1. #1
    Flashaholic* MikeSalt's Avatar

    In my review of the most excellent Kemenes Omicron, I was queried why I lamented the Lummi Wee so much, the light that the Omicron has replaced. I didn't want to clutter up that thread, so I'll answer the question here.

    Yes, it's difficult to operate with one hand, the light engine falls out almost every time you change the cell, the 'driver' is archaic and of course, the maker took CPF members' money without delivering the product. However, having lost my original Wee Ti nearly 8 years ago, a Wee SS has served keychain duty very satisfactorily.

    One thing to remember is that the design is nearly 10 years old. The Wee was, if not THE first, one of the first 10180 lights, particularly one sporting a proper power LED (Cree) . There were no readily-available 10 mm drivers back then, so direct (resistor) drive was pretty much the only choice.

    The comment on my Omicron thread was that it seemed like something made in someone's basement. Surely that's where a lot of custom lights at least start out, even if production runs take place in a CNC shop? I don't remember a single criticism of the quality of the machining from anyone. In fact, it was outstanding for the price point.

    As for the light engine being so easy to come out of the light, this was actually an advantage when AW (pretty much the only supplier of 10180 cells at the time) reduced the length of the cells. Owners were able to drop out the pill, send it to Rob, and he'd solder a thicker copper spacer on to work with the reduced length cells. No specialist skill required on the owner to get it sorted.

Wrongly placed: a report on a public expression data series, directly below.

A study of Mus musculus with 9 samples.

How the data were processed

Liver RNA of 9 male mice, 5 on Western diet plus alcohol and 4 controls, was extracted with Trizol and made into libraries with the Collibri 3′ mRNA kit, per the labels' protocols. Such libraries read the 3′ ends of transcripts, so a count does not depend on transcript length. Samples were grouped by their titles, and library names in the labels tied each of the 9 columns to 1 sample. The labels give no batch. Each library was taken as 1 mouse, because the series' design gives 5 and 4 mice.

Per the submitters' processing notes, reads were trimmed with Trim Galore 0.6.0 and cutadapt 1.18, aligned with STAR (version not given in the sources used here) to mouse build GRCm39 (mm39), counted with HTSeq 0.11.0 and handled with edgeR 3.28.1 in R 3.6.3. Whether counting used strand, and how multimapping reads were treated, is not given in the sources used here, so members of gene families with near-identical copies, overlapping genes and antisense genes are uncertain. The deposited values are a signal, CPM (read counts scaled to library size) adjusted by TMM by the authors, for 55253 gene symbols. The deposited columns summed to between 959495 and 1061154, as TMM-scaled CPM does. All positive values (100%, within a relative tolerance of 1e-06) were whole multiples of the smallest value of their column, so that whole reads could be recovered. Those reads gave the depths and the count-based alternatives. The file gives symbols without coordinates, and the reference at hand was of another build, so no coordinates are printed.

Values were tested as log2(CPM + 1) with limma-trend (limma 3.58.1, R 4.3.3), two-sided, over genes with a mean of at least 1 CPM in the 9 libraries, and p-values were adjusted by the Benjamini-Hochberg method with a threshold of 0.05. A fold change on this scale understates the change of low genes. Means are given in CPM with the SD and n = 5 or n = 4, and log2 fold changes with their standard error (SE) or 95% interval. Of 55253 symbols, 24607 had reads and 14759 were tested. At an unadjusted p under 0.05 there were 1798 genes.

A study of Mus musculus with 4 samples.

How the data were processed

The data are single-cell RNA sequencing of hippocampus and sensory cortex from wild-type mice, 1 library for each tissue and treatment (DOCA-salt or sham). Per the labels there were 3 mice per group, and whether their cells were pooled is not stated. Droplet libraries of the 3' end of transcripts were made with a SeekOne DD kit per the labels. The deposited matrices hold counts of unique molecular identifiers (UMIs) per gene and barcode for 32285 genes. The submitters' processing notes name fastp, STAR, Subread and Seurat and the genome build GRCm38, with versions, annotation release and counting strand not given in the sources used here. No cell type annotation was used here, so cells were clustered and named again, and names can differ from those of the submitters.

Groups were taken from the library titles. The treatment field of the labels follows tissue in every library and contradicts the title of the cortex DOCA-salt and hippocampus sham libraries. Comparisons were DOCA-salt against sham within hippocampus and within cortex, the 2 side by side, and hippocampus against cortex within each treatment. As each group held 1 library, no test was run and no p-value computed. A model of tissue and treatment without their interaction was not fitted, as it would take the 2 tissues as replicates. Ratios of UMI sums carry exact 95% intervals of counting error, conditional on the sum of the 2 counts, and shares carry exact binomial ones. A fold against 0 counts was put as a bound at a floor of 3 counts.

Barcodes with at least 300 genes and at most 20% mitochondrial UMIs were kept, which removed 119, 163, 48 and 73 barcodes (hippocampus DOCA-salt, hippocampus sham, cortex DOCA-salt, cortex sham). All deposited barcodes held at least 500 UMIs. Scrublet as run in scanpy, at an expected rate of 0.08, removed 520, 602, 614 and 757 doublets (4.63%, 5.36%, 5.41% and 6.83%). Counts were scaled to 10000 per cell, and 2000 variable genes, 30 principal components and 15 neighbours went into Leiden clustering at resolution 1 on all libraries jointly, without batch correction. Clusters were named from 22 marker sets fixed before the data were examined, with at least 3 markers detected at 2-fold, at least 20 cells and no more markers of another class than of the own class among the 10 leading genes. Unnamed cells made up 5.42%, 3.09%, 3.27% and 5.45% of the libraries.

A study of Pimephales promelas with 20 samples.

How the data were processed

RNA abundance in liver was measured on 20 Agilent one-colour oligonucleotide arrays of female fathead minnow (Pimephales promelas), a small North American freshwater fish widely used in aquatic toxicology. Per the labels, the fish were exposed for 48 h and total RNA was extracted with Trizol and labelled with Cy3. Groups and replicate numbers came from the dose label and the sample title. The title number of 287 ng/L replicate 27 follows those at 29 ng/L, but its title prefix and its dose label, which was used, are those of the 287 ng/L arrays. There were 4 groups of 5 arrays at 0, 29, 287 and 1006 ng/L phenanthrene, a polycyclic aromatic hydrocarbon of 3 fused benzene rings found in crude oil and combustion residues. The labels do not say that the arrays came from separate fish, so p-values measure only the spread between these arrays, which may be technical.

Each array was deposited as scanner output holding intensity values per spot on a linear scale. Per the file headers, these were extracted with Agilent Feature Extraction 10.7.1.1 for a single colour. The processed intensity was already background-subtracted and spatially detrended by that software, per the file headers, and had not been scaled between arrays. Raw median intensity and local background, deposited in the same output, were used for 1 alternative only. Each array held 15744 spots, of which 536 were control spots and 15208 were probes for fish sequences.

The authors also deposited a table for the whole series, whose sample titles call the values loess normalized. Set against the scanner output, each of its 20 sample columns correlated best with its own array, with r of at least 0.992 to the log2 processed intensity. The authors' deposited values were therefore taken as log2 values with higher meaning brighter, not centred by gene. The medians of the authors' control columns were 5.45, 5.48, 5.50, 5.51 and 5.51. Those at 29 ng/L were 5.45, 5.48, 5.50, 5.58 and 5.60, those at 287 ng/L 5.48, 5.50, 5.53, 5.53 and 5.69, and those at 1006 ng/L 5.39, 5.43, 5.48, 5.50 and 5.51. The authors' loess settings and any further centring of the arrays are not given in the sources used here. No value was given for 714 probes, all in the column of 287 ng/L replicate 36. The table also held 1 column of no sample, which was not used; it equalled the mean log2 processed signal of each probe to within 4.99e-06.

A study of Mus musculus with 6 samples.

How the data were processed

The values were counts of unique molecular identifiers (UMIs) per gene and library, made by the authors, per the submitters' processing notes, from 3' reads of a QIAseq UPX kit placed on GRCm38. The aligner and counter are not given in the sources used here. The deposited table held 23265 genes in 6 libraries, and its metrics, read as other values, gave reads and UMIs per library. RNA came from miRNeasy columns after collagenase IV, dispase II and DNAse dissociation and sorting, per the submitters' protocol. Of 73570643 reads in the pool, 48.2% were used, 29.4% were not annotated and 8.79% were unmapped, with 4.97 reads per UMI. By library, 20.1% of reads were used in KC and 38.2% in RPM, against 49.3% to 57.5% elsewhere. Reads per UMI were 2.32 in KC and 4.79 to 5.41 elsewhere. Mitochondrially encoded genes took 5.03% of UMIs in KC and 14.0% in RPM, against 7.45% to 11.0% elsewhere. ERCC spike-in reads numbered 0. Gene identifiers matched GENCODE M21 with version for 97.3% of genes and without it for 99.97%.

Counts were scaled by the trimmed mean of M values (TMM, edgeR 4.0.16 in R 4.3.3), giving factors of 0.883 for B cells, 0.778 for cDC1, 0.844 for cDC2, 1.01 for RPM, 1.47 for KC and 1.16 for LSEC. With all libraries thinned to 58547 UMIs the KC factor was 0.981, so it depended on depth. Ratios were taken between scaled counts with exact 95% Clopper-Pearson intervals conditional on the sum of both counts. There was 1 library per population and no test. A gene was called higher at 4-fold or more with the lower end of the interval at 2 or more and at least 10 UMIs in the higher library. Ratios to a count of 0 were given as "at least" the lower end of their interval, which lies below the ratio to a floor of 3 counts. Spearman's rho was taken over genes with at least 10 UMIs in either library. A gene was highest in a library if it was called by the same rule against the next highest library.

And with approximately 8 years on my keyring, my Wee SS worked, and is still working, absolutely flawlessly. The only reason it has been retired from that duty is because the Omicron Ti is better in almost every single way. In some respects, that's to be expected, with the availability of tiny, quality drivers, superior emitters such as the Nichia 219 and the recent resurgence in popularity of 10180 lights. However, for the time, the Wee was truly groundbreaking, so much light in such a small, lovely package.
    Last edited by MikeSalt; 06-23-2018 at 02:28 AM.

  2. #2
    Flashaholic

    Well I wasn't super-serious with my criticisms, just general annoyances. It's still usable. I know it was an early light, that's why I don't just get rid of it; was one of my first LED lights. But I don't like glaring stupidity in any product, not just flashlights. The g*damn LED falling out for example is unacceptable and there of course would be any number of solutions which still allow it to be removed easily. It just means people don't care about, well, glaring problems in the products they make. Firstly that's not exactly uncommon in product design and secondly totally irrelevant in this case since the relevancy ended a decade or two ago.

  3. #3
    Flashaholic* MikeSalt's Avatar

    Did you find that the interference fit was quite good when the light was new, but slowly got worse with use?

    There was a period of time where an XM-L upgrade was offered that was mounted on a brass 'can' that you inserted onto the light before the battery. That stayed in pretty well due to the extra friction, and was simple to put back if it did come loose. I did have one for a short while, but it developed a flicker so I sent it in for repairs and never saw it again.